Reposting For A Friend

October 25, 2019 | Posted by Damien Eversmann in observations with tags: culture

About a year ago (2018-10-26), an associate of mine published a really good blog post about automation and job security. It was one of my favorite posts on the subject. I discovered recently that his blog had disappeared, so I’m going to repost it here for now.

Settle down Jerry… Automation isn’t Taking your Job

by Bill Hirsch

I have encountered reluctance among my customers to automate some of the everyday operations and development tasks that we’ve all been doing for years in information technology roles. Things like, building a new VM, deploying code, installing software, patching, adding VLANs, etc. You know, the typical stuff. At first, I didn’t take the objection very seriously because I honestly didn’t get it, but over time I’ve come to understand that this is a real concern for some in IT. Now, just to be clear, the type of automation I’m talking about is IT automation with tools like Ansible, Puppet, Chef, or Salt. I’m not talking about the robots… they ARE kind of scary… especially those dog-looking ones.

So, for the purpose of this article, you can assume I’m referencing basic IT automation that still requires human interaction. In that context, humor me while I walk you through an elementary school-style test.

Jerry and Karen have been asked by their boss, Mrs. Iminchargeofstuff to perform a task. She needs it done quickly and it needs to be repeatable.

“Hey Jerry and Karen! I need a RHEL VM built in AWS. I need that VM to have a public IP address, and it will resolve to someurl. Then, I need you to add a iminchargeofstuff user account, and install a number of software packages. Make sure you can build it the exact same way over and over again.”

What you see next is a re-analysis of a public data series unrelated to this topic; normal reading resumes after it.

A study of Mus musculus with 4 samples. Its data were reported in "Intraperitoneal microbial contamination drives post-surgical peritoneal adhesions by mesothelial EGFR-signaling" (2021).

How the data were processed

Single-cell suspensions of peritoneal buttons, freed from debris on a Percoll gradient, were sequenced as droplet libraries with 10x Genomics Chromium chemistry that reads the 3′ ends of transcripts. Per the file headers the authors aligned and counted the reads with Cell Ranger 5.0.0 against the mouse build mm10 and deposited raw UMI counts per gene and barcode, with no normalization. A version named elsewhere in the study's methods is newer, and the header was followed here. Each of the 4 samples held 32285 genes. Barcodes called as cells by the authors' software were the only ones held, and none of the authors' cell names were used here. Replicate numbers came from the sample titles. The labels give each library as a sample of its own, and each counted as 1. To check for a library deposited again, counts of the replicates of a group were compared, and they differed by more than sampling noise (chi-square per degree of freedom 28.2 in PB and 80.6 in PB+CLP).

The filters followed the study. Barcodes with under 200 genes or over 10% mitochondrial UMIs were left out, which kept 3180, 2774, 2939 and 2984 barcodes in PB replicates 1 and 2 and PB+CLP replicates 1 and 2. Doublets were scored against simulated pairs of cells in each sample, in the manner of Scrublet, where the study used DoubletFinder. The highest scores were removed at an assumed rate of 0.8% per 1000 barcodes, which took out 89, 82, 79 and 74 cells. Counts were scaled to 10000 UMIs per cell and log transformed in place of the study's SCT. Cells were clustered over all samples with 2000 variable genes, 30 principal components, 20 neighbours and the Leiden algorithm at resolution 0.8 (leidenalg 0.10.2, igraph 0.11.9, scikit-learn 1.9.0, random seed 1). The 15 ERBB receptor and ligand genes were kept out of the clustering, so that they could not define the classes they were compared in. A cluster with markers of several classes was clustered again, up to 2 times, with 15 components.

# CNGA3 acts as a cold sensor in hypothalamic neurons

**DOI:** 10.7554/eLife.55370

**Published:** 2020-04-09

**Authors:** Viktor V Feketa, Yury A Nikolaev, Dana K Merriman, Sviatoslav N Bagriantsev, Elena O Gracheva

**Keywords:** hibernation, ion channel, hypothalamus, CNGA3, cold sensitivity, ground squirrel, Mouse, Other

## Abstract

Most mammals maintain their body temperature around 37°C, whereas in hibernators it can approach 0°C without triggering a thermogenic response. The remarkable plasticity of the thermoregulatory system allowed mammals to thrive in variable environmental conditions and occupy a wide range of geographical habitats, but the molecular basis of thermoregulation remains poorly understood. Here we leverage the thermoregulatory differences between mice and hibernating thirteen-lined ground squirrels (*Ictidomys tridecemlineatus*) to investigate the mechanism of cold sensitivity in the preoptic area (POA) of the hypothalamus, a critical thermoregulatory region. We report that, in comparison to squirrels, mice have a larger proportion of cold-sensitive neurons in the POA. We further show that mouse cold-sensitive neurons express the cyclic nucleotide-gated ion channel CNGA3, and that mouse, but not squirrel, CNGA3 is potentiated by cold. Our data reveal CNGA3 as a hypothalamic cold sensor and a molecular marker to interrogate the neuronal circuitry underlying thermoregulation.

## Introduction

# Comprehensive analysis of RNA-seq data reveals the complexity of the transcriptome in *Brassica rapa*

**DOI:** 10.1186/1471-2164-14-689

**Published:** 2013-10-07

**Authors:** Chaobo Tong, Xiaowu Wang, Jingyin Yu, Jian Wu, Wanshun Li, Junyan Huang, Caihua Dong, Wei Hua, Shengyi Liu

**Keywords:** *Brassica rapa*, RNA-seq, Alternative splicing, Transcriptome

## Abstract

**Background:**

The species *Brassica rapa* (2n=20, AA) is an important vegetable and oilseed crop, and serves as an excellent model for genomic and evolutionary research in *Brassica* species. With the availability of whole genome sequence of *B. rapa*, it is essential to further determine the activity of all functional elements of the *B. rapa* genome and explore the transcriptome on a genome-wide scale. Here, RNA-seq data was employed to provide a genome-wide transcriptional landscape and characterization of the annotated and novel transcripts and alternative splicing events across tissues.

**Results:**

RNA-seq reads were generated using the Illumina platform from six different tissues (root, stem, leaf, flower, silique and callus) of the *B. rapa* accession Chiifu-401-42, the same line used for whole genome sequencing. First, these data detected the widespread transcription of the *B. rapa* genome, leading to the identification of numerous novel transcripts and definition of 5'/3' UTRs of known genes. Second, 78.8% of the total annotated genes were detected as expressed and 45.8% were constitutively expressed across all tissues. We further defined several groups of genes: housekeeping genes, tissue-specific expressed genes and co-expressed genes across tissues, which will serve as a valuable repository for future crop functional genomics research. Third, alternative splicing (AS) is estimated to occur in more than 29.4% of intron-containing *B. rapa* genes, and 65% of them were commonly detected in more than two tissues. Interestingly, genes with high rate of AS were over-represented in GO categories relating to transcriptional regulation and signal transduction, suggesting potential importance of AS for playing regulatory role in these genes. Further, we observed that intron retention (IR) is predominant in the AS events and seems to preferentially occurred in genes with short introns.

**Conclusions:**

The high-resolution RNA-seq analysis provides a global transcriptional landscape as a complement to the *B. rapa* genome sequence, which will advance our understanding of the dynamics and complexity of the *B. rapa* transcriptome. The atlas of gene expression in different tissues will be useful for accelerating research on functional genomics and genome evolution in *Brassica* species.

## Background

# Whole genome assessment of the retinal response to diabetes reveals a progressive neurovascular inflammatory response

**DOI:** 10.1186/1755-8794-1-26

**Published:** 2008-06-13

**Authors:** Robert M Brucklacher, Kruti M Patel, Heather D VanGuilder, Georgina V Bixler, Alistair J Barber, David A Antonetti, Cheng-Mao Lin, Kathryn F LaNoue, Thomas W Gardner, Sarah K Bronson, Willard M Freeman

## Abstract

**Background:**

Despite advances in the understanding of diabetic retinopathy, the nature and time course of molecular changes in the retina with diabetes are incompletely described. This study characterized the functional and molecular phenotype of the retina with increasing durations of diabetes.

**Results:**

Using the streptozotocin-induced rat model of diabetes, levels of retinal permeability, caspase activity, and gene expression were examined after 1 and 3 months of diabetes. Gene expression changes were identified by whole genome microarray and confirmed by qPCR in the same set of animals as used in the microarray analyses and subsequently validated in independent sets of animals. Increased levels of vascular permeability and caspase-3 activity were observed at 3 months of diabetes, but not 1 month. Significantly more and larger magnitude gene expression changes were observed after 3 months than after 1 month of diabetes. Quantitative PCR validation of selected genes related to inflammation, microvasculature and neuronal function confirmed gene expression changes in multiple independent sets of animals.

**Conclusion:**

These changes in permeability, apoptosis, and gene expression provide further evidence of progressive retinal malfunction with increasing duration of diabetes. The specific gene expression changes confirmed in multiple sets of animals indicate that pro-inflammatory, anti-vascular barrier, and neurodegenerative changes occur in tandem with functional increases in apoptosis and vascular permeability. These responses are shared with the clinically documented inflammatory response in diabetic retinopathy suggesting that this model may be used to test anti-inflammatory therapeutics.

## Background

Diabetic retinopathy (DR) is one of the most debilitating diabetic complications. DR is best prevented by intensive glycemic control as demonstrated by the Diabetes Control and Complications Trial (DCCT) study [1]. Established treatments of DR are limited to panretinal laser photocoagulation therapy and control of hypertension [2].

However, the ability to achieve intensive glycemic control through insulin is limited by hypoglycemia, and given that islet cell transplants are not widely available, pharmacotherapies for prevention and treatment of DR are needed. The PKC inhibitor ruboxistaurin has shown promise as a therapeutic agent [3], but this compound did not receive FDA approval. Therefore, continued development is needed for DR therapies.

So, what skills will Jerry need to complete this task?

  • Jerry needs to know RHEL. He needs to understand how to install RHEL, add users to RHEL, and add packages to RHEL
  • Jerry needs to know AWS. He needs to know how to create a public IP address on a new AWS instance, he needs to know how to add that instance & IP to route53.
What skills does Karen need to complete this task?
  • Karen need to know Ansible (yes, yes, i know there are others, but Ansible is awesome so deal with it).

Once Karen writes these tasks into an Ansible Playbook, will Jerry’s skills still be required and why?

  • (exasperated nerd voice) YES!!!! Because Karen doesn’t know anything about RHEL or AWS. What if Mrs. Iminchargeofstuff decides that she wants the playbook to include adding an AWS subnet. Karen doesn’t know AWS so she wouldn’t understand how to add a subnet in AWS. Knowing Ansible isn’t going to magically fix that.

So, this all shakes out a bit like this. Even if you master an automation tool like Ansible, you still need to have skills in the underlying technology you are automating. If you write a playbook to automate a network switch, you will have to understand networking. If you write a playbook to install a customer application, you will need to know that application’s prerequisites. If you write a playbook to patch an operating system, you have to know that operating system.

Using automation to do you job safer and faster does not threaten your job security… it ensures it.